Physics Club Brings Students Together
March 16, 2006 10:58 PM
To many students, the words "Physics Club" don't exactly bring to mind a fun, social organization that does humanitarian projects. The students of SF State's Physics and Astronomy Club are out to bust some myths and stereotypes.
Some club members are helping expand science education in South Africa. A project called Free High School Science Texts based at the University of Cape Town tapped five PAC members to co-write a textbook chapter on light and optics. Over 150 young scientists involved in the project are working to provide free high school science textbooks to all South Africans and the collaborators hope other organizations will use their work to provide free text books anywhere in the world they are needed.
M. Vivian White, president of PAC, said that the difficult problem was translating standard optics examples, such as light refracting through a clear glass of water, to examples that anyone in the world, regardless of technology or poverty level, would relate to.
“They don’t have glasses, they might have buckets of water,” she said.
The text book, which is in the process of being accredited, is not the only project White is working on. She also volunteers for Project ASTRO created by the Astronomical Society of the Pacific, based in San Francisco. White and two other SF State Astronomy students visit elementary and middle schools in the city to help teach astronomy. They take kids outside to look at the stars and planets through a telescope and do other hands-on activities.
Membership in the PAC is free to all declared physics or astronomy majors, and physics grad students. But to most PAC Members the club is a place to hang out and meet up, in their study room in the basement of Thornton Hall room 115. Small but well organized, the club house can fit a dozen students easily, and can squeeze in even more for events like Pi day, where on 3/14 at 1:59 PM they celebrate the ratio of a circle's diameter to its circumference by eating chocolate and pumpkin pies, and sharing pizza with mathematics students, who have their own study room but no club house to hang out in.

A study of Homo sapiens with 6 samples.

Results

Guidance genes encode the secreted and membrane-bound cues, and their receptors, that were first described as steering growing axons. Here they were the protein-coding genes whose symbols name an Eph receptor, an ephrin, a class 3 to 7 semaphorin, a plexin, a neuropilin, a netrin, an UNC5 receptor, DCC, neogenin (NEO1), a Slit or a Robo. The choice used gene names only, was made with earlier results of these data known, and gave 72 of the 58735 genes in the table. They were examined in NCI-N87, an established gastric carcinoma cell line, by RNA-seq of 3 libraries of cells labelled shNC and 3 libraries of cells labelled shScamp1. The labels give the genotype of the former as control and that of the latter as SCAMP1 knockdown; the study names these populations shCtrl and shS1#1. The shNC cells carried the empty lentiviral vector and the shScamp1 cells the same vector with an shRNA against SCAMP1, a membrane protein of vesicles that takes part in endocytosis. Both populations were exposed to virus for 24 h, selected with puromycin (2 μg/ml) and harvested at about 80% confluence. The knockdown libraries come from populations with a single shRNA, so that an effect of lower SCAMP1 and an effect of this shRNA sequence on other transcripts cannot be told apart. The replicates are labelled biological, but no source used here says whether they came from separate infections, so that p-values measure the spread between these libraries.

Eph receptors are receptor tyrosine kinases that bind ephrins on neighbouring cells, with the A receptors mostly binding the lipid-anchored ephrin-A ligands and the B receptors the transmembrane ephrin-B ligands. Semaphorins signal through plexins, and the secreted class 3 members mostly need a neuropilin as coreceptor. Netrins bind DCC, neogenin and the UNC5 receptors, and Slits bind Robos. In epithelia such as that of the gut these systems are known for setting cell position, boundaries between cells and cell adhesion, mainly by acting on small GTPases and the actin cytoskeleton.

White, who is graduating this semester, used homemade pie to recruit new PAC officers to run the club next fall.
“It’s like a family,” she told them.
The study room itself is what Adam Windham said drew him into PAC. A physics graduate student who previously studied at UC Berkeley, he said that the clubby atmosphere students have here makes them much more willing to work together.
“At Cal the study room was four or five times the size of this room, but there was no interaction,” he said.
Seeing his classmates party together or crashing on the sofa in the lab actually has helped him get assignments done.
“The fact is you see people at their worst,” said Windham, “and it makes them willing to work as a team.”
PAC events coordinator Michelle Wen said that she finds it hard to study. Many PAC members go into the department's computer lab just down the hall for some peace and quiet.
White said she really appreciated the observatory in Thornton Hall where on clear nights, PAC students gather to watch the stars.
“You can see Saturn (in the evening) now, it’s really beautiful,” she said.
The PAC raises operating funds by printing and selling lab manuals for science classes. They raise enough to pay for their own events and outings, as well as offering SF State physics and astronomy students an introductory membership to the national Society of Physics Students. They will pay up to $60 to send any member to up to two science conferences each year.
Monday nights the PAC also play in the SF State Indoor Soccer B League. The team, Maxwell’s Demons, is named after an imaginary creature which James Clerk Maxwell thought up as a contradiction of the laws of thermodynamics.
This week, the club is measuring light pollution for another collaborative international project GLOBE (Global Learning and Observations to Benefit the Environment) at Night. By observing which stars are visible from the observatory at SF State, they will help scientists measure how air quality varies all over the world.